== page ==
High-end restaurant across from Pigeon Park meets daily protests
Pidgin, a name that refers to the dialect that evolves between people speaking two different languages, serves up high-end dishes such as sea urchin and beef tataki at chic tables overlooking Pigeon Park at Hastings Street and Carrall.
Residents say it is a sign of gentrification and unsettling voyeurism in an area that needs more low-income housing.
"I don't want no $6 pickles and I don't want no fois gras on my table," shouted longtime community organizer Tami Starlight at a lunch hour protest Tuesday, "and just because I can wash dishes doesn't mean they're going to give me a job."
The protesters are calling for city policies and senior level government funding that will lead to the creation of more low-income rental stock that those on welfare and disability can afford.
Ivan Drury, a researcher and organizer for the Carnegie Community Action Project, said the restaurateurs may not themselves have control over government housing policies, but they are benefitting from them.
"The cultural gentrification is intimately tied to the economic gentrification," he said, "and that's because restaurants like this create the Downtown Eastside as a marketplace for a different class of people."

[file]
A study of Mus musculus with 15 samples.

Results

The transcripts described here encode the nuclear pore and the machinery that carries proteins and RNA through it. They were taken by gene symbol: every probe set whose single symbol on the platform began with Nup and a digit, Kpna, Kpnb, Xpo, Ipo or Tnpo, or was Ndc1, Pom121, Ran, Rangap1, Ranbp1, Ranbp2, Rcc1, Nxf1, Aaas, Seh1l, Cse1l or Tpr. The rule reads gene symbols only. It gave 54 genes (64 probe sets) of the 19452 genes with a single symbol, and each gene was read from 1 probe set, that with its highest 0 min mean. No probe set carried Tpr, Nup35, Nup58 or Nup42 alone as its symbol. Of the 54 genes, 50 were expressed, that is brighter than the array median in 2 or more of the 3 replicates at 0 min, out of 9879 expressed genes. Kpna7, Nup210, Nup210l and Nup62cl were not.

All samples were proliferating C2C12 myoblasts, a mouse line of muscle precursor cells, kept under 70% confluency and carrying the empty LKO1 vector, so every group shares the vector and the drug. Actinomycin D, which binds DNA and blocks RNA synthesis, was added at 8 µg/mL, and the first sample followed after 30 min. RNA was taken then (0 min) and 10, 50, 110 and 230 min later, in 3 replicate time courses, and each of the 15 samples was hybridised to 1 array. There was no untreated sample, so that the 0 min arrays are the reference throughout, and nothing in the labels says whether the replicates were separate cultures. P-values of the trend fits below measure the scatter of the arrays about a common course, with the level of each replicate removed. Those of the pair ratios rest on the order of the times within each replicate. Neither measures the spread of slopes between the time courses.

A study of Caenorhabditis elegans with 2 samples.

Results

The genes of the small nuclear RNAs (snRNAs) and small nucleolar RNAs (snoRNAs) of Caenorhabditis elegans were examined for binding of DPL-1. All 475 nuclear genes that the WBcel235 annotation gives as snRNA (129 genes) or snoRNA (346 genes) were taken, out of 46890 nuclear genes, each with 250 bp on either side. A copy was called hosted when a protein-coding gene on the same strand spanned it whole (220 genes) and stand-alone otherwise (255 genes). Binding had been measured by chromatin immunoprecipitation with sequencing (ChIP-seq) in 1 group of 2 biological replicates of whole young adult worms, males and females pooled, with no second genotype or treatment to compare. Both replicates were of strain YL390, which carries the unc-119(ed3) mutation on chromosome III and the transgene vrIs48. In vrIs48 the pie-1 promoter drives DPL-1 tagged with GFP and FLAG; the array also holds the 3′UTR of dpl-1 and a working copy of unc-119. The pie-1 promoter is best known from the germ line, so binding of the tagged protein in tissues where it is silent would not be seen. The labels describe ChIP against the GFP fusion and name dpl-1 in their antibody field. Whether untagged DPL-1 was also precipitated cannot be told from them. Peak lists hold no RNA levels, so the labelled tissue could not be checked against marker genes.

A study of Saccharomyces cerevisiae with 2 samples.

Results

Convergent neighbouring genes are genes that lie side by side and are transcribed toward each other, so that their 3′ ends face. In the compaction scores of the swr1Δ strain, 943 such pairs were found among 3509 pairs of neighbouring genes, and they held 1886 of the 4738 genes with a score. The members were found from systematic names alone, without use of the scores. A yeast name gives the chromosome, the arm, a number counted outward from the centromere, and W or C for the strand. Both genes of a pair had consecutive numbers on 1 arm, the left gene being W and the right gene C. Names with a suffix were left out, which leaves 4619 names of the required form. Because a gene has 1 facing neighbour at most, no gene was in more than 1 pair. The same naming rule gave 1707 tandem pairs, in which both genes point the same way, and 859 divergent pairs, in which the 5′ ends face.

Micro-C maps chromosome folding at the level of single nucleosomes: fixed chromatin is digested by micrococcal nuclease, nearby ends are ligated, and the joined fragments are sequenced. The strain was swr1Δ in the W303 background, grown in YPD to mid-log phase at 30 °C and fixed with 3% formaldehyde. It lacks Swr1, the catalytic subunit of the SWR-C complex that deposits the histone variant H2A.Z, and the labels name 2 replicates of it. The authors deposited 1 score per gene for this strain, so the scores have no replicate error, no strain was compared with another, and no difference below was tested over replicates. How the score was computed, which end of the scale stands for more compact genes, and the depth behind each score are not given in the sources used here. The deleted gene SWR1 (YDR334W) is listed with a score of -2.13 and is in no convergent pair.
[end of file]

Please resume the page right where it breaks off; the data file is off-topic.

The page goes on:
Pidgin co-owner Brandon Grossutti said he and his partners sought out a location in the impoverished neighbourhood because "all the best food in the city is being done down here," and that he thinks the stark contrast between rich and poor is jumpstarting a much larger and necessary conversation.
He said he employs two Downtown Eastside residents, and is investing in the neighbourhood by making use of local services such as recycling, window and linen-washing, and interior cleaning.
He also plans on putting out a table of food at next Sunday's Carrall Street Market in partnership with the Rainier Hotel women's treatment program to try to give back to the community — but insisted it has nothing to do with the protests.
Sitting across the street in Pigeon Park, Joseph Desjarlais said he has not been paying much attention to the rallies, which are held each day at noon and 6 p.m., but he can see both points of view.
"It just seems like the west is moving slowly east, that's all I know. It's kind of invading our territory, in a way," he said.
"Everybody has a right to be anywhere they want to be, as long as they don't infringe on other people's rights."
Vancouver Mayor Gregor Robertson gave his thoughts about gentrification in the Downtown Eastside at a press conference on Tuesday.
"I'm hopeful... that we strike a balance overall, investing in a neighbourhood [while] accepting that there's going to be people of all different stripes," he said.
When asked if he would dine at Pidgin, Robertson dodged the question.
"I haven't actually seen their menu," he said. "I wish them all the best but it's tough to see them having to deal with people harassing them."